My Turn: A swing and a miss for DNC on climate change

For the Monitor
Published: 9/3/2019 8:00:11 AM

Last month in San Francisco, by a vote of 18 to 7, the Democratic National Committee voted not to sanction a debate focused on climate change, although New Hampshire state Sen. Martha Fuller Clark, who attended the meeting, did offer an amendment allowing candidates to participate in any and all debates without penalties.

In denying a climate debate, this committee illustrated that it may not be ready to stand with a younger generation, nor perhaps are members bold enough to link climate change to so many issues confronted by everyday Americans today and in the future: the cost of health care, healthy foods, a livable wage, poor air quality, polluted water.

I am disappointed but not disheartened by the committee’s lack of resolve. Because, since the beginning of 2019, every Democratic candidate for president (as well as GOP candidate Bill Weld) began their campaigns in New Hampshire with commitments to returning the United States to the Paris agreement, and with an acknowledgement of or commitment to the Green New Deal.

My optimism lies in the fact that, as we head into the fall, most candidates for president will have developed and rolled out detailed climate plans. My hope grows as a wellspring of clean energy solutions already offered by the different candidates seem as diverse as the field of contestants itself: growing a middle class by leading electric vehicle manufacturing; putting a price on carbon to reflect its true costs to people and our planet; substantial investments in energy storage; modernizing our outdated and aging electric grid; working with farmers to store carbon in their soil and reap the benefits; eliminating methane leakage from existing sources in the oil and natural gas industry, and much more.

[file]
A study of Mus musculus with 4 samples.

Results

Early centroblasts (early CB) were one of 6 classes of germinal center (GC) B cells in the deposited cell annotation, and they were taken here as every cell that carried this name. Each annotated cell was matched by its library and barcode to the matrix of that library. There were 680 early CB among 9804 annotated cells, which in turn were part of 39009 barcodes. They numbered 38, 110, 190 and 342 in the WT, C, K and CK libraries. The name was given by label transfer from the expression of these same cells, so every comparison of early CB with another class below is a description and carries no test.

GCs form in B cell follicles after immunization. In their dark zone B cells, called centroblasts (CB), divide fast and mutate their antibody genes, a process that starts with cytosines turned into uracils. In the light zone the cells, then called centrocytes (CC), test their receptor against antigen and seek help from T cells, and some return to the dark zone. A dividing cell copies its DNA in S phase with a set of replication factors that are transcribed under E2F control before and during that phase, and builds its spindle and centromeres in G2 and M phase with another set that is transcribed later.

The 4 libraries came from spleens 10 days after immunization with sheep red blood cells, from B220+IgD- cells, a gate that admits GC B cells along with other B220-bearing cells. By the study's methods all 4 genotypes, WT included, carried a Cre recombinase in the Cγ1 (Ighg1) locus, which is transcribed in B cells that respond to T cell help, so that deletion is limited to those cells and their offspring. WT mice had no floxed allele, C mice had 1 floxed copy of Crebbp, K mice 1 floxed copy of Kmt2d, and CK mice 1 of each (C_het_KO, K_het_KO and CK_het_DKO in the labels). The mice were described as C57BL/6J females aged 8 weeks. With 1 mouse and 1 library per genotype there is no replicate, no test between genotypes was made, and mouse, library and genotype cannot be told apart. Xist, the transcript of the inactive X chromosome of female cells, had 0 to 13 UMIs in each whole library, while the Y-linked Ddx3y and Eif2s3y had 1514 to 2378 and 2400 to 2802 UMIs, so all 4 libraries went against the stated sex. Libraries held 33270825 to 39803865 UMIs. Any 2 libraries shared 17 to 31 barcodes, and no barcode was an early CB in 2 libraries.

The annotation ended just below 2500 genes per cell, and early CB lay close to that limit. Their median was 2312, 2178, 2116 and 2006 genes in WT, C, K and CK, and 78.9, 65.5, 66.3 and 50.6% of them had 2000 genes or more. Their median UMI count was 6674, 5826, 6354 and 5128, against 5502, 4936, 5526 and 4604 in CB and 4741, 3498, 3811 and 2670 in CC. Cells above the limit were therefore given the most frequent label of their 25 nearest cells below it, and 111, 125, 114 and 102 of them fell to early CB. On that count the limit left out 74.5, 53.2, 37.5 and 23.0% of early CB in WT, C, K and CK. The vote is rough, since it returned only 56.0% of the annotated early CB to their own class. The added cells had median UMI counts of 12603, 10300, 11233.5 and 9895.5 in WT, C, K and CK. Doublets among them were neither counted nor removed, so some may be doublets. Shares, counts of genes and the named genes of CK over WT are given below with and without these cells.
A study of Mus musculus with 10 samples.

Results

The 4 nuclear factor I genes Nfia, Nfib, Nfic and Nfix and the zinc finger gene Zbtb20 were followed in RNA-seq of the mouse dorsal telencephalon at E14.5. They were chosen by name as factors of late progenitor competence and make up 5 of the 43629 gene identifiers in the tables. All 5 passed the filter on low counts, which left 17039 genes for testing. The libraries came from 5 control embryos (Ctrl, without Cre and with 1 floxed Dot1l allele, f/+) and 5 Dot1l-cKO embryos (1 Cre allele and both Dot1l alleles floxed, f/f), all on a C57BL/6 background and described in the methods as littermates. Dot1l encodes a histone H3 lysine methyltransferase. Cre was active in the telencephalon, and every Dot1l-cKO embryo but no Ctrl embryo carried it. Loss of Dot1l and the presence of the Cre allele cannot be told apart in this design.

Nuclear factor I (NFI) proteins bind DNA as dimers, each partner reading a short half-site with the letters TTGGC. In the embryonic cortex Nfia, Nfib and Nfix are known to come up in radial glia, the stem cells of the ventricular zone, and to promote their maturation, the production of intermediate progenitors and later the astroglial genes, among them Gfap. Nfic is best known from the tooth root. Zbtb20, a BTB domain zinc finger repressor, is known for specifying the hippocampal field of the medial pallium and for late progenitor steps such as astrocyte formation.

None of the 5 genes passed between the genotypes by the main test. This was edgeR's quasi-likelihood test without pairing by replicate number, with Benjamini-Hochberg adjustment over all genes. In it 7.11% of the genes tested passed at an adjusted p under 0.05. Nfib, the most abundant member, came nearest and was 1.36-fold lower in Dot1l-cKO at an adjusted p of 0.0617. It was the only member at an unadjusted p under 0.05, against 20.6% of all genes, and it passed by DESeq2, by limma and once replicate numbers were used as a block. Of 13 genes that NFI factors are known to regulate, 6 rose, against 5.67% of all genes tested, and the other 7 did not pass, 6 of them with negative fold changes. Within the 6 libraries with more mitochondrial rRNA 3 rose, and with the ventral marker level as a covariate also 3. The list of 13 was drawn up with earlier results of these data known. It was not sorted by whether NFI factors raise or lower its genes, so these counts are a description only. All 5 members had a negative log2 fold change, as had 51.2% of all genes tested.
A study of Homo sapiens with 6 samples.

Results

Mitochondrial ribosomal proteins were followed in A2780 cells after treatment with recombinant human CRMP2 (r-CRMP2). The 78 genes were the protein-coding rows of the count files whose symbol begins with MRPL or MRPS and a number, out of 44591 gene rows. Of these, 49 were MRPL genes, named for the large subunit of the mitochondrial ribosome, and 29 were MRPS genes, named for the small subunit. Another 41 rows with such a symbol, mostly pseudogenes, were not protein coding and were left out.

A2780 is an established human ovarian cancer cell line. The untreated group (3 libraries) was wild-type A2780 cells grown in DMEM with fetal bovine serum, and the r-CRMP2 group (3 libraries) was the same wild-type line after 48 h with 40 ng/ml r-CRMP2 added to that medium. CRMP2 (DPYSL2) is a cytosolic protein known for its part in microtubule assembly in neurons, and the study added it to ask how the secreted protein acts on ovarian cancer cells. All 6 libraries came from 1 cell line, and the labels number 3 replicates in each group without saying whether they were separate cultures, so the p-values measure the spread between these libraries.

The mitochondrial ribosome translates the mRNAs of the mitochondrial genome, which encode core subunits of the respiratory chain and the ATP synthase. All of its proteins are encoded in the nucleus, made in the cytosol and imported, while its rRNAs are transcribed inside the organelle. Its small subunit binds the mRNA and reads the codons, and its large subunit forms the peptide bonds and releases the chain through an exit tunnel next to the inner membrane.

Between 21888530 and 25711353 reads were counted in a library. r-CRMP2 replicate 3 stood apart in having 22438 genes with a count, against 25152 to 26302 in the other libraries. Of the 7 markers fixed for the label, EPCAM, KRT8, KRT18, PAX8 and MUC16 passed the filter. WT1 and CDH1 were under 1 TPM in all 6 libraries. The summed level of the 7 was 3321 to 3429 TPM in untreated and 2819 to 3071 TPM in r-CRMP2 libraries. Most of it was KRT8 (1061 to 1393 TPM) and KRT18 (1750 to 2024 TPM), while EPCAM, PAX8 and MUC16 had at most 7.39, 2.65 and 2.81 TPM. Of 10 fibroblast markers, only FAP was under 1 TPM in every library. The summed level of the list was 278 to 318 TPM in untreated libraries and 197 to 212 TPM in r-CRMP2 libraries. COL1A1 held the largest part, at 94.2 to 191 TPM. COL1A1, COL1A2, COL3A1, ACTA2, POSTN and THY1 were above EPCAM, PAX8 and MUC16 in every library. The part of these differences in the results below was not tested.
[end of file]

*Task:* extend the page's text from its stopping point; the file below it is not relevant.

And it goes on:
There are costs tied to climate action, but the costs of inaction are far greater. Climate change is real, and the impacts are being felt now – here in New Hampshire and across the country.

Coastal real estate is beginning to see a dampening effect on pricing because of chronic flooding. Last month (the hottest month globally on record) the Union of Concerned Scientists released a report detailing a dangerously hotter future for much of the United States (see for yourself what the future holds for extreme heat in Strafford, Merrimack, Rockingham or any county in the United States).

What we accomplish in the next administration will determine the future level of risk to human health and labor productivity in the agricultural, construction and other outdoor sectors.

Don’t be taken aback by the money candidates propose to invest in climate action; it is a great deal of money yet the scale of targeted investment is not unprecedented: the Apollo program represented 4% of the entire federal budget under President John F. Kennedy. Thus we can be confident the United States of America can resolve to meet the existential challenge of this generation.

It may be difficult to distinguish one presidential candidate from another with respect to their positions on climate change, but what they offer in their plans will help discern just how serious they are, and the kind of leader he or she will be. Here are some questions we might ask the candidates in the coming months:

■Will climate action be a top priority once you take office? What is your plan to keep all Americans safe from a changing climate?

■What’s your science-based plan to cut transportation pollution? What will you do to put us on a path to make vehicles go farther on a gallon of gas, electrify cars and trucks, and make our fuels cleaner?

■How will you support the accelerated deployment of renewable energy and ensure we modernize our outdated electricity grid to better accommodate the transition to clean energy?

■Will you work to preserve the rights of communities, states and other industries harmed by climate change to file lawsuits to make fossil fuel companies pay their share of the damages?

The Democratic National Committee may have closed the curtain on a sanctioned climate debate, but 10 candidates will be on stage Sept. 4 in a climate forum hosted by CNN (as of this writing not all have developed climate plans). Perhaps we will hear them answer one or more of these questions; if not, make sure they do so when you meet a candidate here in New Hampshire over the next 5½ months.

(David Hills owns and operates Emery Farm in Durham.)